Now that we have actually seen the story of the Easter Island, let’s try understanding how all of this is affecting us or how it is happening in and around us, which basically means let’s try and understand our eco system.
Oh! By the way, the basic unit of study in Environmental Science is the Ecosystem.
An ecosystem is consists of a biological community and its physical environment. An ecosystem can be as small as a drop of water with all the bacteria and multitude of life that is living in it or as large as a forest.
Some ecosystems such as caves have a clear-cut boundary while others such as forests do not. An ecosystem provides the organism that live in it what they need to survive, that is energy through food, water, and shelter. For simple definition of our ecosystems — the place that we call home and the surroundings as we see it. One thing that is important for all living things, like I already told you, is energy and let’s see where we obtain that from.
Although you usually may not think of it this way, the active eating of fellow creature or active eating of plants is a way of capturing chemical energy. When a veg burger hits your stomach, enzymes go to work breaking down its chemical constituents and deploying them to various systems of our body. The burger’s carbohydras, for example, is burnt in your cells. It combines with the Oxygen that you inhale to finally release the energy. You can use that energy to warm your body to say 37 degree Celsius, or to move around, to think, to breathe — in short to live. Hence, we should actually eat to live. But there can be a few people who actually live to eat. Let’s keep them away. Of course you are not the only animal around who is eating. All animals are eating. The whole ecosystem is busy moving the energy around by the process of eating. How the energy flows through an ecosystem depends on who eats whom. The sequence of dinners and diners is called the ‘Food Chain’ or more accurately the ‘Food Web’ because the chain is interlinked and may shift around.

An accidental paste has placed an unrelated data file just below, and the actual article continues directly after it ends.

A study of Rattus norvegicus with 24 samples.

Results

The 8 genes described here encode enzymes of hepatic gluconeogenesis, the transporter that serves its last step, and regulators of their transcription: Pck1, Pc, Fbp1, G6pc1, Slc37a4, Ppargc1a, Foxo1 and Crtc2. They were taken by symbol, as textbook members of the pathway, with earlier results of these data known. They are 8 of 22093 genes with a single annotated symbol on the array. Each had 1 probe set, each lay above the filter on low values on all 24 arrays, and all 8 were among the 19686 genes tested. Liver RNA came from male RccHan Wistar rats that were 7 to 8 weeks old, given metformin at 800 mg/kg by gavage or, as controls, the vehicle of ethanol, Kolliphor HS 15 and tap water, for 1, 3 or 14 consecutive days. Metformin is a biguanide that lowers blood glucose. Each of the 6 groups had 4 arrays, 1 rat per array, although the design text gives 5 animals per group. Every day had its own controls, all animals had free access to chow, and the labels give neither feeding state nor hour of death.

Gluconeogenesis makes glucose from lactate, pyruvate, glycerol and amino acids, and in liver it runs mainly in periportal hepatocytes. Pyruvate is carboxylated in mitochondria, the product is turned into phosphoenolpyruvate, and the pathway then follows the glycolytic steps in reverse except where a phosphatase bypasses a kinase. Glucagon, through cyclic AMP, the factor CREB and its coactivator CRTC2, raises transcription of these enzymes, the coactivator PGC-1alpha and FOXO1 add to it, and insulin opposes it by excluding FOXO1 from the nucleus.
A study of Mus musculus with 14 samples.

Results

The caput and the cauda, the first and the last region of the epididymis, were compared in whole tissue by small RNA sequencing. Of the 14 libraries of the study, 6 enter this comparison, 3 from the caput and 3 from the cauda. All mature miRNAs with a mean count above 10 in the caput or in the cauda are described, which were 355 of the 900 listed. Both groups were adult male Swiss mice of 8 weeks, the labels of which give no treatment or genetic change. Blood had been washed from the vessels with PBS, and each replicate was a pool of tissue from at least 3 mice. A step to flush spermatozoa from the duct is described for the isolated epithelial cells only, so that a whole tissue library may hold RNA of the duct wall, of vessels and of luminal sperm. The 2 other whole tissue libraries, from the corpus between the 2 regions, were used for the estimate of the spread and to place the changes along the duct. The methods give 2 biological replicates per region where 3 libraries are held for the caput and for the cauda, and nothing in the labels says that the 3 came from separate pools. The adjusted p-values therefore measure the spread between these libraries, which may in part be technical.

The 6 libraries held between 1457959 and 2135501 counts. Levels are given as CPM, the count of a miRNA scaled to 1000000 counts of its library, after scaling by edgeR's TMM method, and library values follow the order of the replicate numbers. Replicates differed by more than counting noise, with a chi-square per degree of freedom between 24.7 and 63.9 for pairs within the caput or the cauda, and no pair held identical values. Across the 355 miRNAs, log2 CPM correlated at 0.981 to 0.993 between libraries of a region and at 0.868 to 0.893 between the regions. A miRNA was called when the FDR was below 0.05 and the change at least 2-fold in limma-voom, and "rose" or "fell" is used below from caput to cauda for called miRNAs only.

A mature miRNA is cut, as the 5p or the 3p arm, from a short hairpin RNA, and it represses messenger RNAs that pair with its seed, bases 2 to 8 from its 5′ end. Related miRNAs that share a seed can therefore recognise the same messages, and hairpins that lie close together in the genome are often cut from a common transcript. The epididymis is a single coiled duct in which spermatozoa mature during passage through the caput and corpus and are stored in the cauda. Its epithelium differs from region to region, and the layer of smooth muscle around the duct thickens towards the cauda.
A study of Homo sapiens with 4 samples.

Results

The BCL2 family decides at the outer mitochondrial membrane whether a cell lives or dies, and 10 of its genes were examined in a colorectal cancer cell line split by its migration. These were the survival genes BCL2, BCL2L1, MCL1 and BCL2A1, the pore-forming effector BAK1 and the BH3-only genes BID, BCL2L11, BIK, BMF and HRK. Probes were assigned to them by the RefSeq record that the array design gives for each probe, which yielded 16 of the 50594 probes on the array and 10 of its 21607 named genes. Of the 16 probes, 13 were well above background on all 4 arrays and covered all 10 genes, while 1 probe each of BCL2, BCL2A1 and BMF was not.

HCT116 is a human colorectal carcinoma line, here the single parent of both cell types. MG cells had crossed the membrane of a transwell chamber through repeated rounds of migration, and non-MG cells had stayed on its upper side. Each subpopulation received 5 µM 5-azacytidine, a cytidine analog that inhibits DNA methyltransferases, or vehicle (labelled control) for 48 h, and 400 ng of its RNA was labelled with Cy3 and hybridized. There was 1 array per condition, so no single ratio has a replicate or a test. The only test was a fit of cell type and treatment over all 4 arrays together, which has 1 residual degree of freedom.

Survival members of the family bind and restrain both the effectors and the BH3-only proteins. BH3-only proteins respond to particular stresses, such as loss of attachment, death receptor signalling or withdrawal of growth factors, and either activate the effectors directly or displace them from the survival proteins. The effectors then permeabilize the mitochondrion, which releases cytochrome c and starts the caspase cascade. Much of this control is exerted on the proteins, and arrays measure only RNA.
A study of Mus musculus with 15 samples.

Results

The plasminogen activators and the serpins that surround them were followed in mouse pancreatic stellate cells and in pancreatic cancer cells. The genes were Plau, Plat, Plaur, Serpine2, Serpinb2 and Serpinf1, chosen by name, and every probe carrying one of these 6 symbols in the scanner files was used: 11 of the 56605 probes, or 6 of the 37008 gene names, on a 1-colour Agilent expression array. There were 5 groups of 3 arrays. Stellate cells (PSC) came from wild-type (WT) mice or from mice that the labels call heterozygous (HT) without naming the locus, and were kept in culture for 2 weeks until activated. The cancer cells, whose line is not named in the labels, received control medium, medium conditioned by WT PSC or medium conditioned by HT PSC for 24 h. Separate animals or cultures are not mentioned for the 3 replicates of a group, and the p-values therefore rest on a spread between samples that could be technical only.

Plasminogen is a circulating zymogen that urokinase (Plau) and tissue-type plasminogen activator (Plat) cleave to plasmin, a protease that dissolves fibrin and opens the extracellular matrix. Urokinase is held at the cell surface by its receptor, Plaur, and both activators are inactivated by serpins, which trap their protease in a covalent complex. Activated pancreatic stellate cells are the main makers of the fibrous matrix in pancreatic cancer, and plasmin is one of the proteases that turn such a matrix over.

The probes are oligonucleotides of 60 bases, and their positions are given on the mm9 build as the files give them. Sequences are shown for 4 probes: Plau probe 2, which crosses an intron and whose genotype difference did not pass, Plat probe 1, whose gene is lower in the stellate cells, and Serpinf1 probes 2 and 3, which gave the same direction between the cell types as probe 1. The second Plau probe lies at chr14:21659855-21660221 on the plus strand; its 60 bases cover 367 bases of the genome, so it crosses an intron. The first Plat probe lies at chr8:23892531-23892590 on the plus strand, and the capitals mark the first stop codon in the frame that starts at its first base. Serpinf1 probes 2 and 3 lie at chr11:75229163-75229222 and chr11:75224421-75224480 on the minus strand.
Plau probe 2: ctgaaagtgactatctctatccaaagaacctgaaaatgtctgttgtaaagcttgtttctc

A generalist like a fox, for example, eats whatever is abundant in the season. It can eat mice, it can eat berries, it can eat grasshoppers, it can eat fallen apples as well. We as humans, we are all also generalists. In fact, we can eat what is available in the environment. In fact, most animals that has both a vegetarian and a non-vegetarian diet make the Food Chain into a Food Web because we start interlinking chains and finally we are able to create the Food Web.